SHU Bunk

Rina Palta, KPCC

A bunk in the Security Housing Unit at Pelican Bay State Prison in Crescent City, CA. (August, 2011)

The Center for Constitutional Rights (CCR) filed suit in federal court Thursday on behalf of California prisoners in Pelican Bay State Prison's Security Housing Units, the most isolated, restrictive prison cells in the state. 

Inmates in the SHU (pronounced "shoo") spend 22 and a half hours in their cells each day and have more limited access to other prisoners, visitors, and programming than inmates in the general population. They're mostly kept one person to each cell and exercise once a day in a concrete, enclosed space. 

California Department of Corrections and Rehabilitation officials have said that conditions in the SHU are admitedly restrictive, but with good reason. SHUs are CDCR's primary method for combatting prison gangs, which they say wreak havoc on the prison population and have close ties to criminal street gangs.

People get to the SHU one of two ways: either they've committed a new crime while in prison (like assault or murder); or they're deemed prison gang members or "affiliates." Those convicted of a crime serve a fixed sentence, those in the SHU because of gang affiliations are kept there indefinitely. Currently, Pelican Bay's SHU has 1,128. In August 2011, Warden Greg Lewis said about 95 percent of SHU inmates were serving indefinite terms.

Currently, the way back to a lower level cell for these inmates is a process called "debriefing," which amounts to telling prison officials everything the inmate knows about prison gangs. Inmates can also get out if they demonstrate having no gang activity for six years. 

On a press tour of Pelican Bay last year, prison officials said debriefing allows them to know the inmate is no longer a gang threat and also provides useful information in dealing with a major prison problem. Restricted communications—which officals say does not amount to "solitary confinement"—is used to keep gang "shot callers" from passing on orders and information to subordinates. 

Last July, inmates in the SHU at Pelican Bay State Prison, the state's highest security prison started a hunger strike that spread into prisons throughout the state. They complained about food and access to programs in the SHU, but their major complaint was the debriefing process, which they say puts a target on their backs and essentially uses "solitary confinement" to coerce them for information.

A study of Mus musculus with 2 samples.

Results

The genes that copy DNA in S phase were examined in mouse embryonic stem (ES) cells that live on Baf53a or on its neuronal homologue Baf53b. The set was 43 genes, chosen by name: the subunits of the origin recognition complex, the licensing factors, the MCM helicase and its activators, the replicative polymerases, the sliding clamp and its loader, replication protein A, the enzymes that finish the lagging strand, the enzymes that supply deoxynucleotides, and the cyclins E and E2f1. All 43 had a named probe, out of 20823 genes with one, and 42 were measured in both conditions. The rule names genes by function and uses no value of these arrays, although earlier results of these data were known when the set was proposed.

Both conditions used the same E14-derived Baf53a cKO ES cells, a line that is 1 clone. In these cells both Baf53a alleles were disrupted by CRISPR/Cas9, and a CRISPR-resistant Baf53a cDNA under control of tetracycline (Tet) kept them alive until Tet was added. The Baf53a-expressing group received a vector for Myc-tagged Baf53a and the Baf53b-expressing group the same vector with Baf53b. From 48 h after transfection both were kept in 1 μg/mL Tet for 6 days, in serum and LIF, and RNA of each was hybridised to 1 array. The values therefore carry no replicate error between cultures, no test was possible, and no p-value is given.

At the time, then-CDCR Undersecretary Scott Kernan travelled to Pelican Bay to meet with leaders of the hunger strike and reached a tentative compromise, including an agreement by the state to reexamine its process for labelling inmates "gang members" and to reexamine its debriefing process.

In an email Thursday, CDCR Press Secretary Jeffrey Callison said that the process for reforming the SHUs has been underway for years, and described the planned new gang management system as "behavior based." Callison said "it will use a weighted system for the offender validation process and will create a Step-Down Program to provide a process for offenders to demonstrate their ability to refrain from criminal gang behavior and to prepare them for housing in a less restrictive environment." He also said, "CDCR will increase privileges for inmates housed in a Security Housing Unit (SHU) who refrain from criminal gang behavior."

Callison declined to comment on the lawsuit.

Thursday, on a call with press, Jules Lobel, president of the CCR and lead attorney on the new suit, said changes have not come quickly enough. The case, Ruiz v. Brown, will center around claims that the SHU at Pelican Bay violates the Eight Amendment's ban on cruel and unusual punishment and "that the absence of meaningful review for SHU placement violates the prisoners’ right to due process."

The issue has come up before in federal court in California. The 1990 case Madrid v. Gomez challenged conditions at Pelican Bay State Prison, exposing abuses and the prison and prompting over a decade of reform there. Lobel said while the court said there was nothing unconstitutional about using SHUs for shorter periods, like 2 or 3 years, the issue of prolonged use of SHUs, for years and decades, is not an issue that's reached federal court in California before.

Note: This post has been updated with most recent SHU population numbers.